In August 2012, a juvenile osprey was transferred to us from another rehabilitation center after she had been rescued from the Barry Point fire in Lakeview, Oregon. This traumatized raptor came to us with burns on all her primary, secondary feathers and tail feathers. Fortunately, she sustained no soft tissue damage. However, since her feathers were damaged, we had to wait for her to molt. This meant we had to keep her through the winter even though osprey are typically a migratory species. She naturally earned the nickname “Singe” due to her state upon arrival.
Osprey are notorious for refusing food in captivity and often have to be hand/force fed. We spent extensive time successfully training Singe to eat in captivity, much to our excitement. After the first year in rehab many of her new feathers were breaking making her unable to fly. She was over wintered for a second year as she would have not survived in the wild due to her feather growth difficulties. In addition to giving her time for her feather quality to improve, we also performed extensive physical therapy and strength building exercises to increase her flight ability and endurance.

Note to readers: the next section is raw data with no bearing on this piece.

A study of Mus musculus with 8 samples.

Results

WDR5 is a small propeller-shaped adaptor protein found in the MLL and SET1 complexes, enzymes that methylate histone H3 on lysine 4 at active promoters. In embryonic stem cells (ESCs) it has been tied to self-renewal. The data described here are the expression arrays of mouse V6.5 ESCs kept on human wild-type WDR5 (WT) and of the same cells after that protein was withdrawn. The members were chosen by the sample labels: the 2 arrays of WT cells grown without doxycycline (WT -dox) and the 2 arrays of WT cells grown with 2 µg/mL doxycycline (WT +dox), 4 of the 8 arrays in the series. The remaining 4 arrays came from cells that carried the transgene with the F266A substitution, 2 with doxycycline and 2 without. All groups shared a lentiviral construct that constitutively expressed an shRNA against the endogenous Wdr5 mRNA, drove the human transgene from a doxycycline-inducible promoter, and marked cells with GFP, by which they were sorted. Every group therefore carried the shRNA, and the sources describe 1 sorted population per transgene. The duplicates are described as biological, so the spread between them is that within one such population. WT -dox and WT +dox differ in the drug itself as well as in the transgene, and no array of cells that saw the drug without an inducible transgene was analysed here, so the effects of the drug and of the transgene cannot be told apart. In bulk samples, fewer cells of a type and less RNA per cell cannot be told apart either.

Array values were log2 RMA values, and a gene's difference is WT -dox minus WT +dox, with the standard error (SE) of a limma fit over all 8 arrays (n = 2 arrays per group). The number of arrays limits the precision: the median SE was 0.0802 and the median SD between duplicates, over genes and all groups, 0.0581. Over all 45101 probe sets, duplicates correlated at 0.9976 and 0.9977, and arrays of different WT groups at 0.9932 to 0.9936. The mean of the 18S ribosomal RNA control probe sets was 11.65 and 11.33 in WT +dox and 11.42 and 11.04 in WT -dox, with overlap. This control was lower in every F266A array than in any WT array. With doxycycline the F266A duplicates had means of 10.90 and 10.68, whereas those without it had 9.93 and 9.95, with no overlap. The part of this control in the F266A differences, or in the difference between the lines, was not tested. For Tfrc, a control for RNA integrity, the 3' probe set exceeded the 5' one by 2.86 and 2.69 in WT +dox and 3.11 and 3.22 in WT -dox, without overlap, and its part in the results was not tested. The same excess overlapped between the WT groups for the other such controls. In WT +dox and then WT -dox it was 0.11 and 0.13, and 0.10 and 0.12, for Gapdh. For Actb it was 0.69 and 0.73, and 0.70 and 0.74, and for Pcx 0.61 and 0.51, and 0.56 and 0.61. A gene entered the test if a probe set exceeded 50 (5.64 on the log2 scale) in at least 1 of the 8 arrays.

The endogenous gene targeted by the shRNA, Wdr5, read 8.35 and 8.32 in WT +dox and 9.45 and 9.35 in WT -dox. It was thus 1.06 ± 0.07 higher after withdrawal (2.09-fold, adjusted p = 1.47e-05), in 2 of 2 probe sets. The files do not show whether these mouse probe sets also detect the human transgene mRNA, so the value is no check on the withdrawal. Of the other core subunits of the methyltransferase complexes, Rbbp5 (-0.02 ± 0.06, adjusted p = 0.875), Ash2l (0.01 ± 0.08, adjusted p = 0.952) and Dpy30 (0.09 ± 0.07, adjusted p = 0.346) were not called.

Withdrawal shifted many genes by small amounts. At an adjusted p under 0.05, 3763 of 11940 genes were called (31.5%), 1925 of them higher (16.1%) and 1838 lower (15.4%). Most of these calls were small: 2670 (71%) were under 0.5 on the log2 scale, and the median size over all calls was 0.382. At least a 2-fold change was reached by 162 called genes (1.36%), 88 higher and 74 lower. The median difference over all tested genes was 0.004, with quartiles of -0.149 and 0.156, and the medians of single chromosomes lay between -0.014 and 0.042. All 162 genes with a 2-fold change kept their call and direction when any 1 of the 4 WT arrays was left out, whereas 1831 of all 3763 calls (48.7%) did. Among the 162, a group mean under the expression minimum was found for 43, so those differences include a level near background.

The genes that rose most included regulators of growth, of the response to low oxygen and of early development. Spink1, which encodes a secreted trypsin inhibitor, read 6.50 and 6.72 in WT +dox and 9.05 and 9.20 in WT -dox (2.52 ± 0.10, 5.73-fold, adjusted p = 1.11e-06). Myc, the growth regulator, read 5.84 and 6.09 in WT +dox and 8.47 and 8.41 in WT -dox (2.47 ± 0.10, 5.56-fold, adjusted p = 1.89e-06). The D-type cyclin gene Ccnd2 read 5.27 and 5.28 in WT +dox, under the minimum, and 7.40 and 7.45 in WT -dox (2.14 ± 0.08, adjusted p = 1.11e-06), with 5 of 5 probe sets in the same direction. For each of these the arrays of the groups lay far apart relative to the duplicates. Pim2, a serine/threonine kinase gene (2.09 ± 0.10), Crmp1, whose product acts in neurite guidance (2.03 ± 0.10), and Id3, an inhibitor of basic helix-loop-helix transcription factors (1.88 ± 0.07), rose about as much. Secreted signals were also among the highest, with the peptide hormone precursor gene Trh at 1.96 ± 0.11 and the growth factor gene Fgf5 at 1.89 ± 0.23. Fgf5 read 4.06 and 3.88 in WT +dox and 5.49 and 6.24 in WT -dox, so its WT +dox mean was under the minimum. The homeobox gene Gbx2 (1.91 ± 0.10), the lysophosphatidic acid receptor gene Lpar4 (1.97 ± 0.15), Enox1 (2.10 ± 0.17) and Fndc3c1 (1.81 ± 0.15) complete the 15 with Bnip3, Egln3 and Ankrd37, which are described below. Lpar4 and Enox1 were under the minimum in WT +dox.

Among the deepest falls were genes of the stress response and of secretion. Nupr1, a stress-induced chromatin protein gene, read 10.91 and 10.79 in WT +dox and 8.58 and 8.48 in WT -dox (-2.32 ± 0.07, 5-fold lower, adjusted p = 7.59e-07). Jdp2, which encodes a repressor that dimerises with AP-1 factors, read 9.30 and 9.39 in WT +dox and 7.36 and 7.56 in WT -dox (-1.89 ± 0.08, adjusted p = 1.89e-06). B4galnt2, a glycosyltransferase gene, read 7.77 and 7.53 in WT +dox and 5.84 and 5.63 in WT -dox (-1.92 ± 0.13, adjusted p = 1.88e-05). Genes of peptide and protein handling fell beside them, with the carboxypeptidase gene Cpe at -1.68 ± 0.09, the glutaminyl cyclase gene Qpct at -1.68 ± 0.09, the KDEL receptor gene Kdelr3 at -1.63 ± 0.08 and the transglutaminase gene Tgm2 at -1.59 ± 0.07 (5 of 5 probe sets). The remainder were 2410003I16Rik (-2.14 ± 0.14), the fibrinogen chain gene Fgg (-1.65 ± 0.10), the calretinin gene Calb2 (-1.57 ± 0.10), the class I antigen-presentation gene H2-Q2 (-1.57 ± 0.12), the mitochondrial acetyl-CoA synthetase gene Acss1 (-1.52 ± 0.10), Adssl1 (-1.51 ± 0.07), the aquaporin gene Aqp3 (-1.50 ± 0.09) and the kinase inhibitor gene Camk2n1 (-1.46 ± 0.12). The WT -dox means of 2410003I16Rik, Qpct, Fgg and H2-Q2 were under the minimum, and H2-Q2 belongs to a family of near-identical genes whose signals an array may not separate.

Unfortunately, despite all of our efforts, Singe still cannot fly. Sadly, she showed no improvement or indication of being able to regain that ability so she is non releasable. Rehab animals are deemed non releasable if their injuries prevent them from surviving in the wild. For these patients like Singe, we do the best we can to find them a permanent home at a qualified facility if they have a disposition to be happy in captivity. It’s a lot of hard work finding placement.
After several months of writing hundreds of emails and calling various facilities, we are so pleased to announce her “happy ending.” Pictured are Animal Care Technicians Laura Milnes and Kendra Romero with Heila Hubbard of “Hawks, Honkers, and Hoots” and of course Singe. She is now going to live at Hawks, Honkers and Hoots as a permanent resident! The town Singe is going to live in is called Rescue, California…can you believe it? What a perfect name. This story has been years in the making and we’re so happy Singe will live out her days at such a wonderful facility where she will go to work as an ambassador for her species! Good-bye Singe! Go forth and prosper.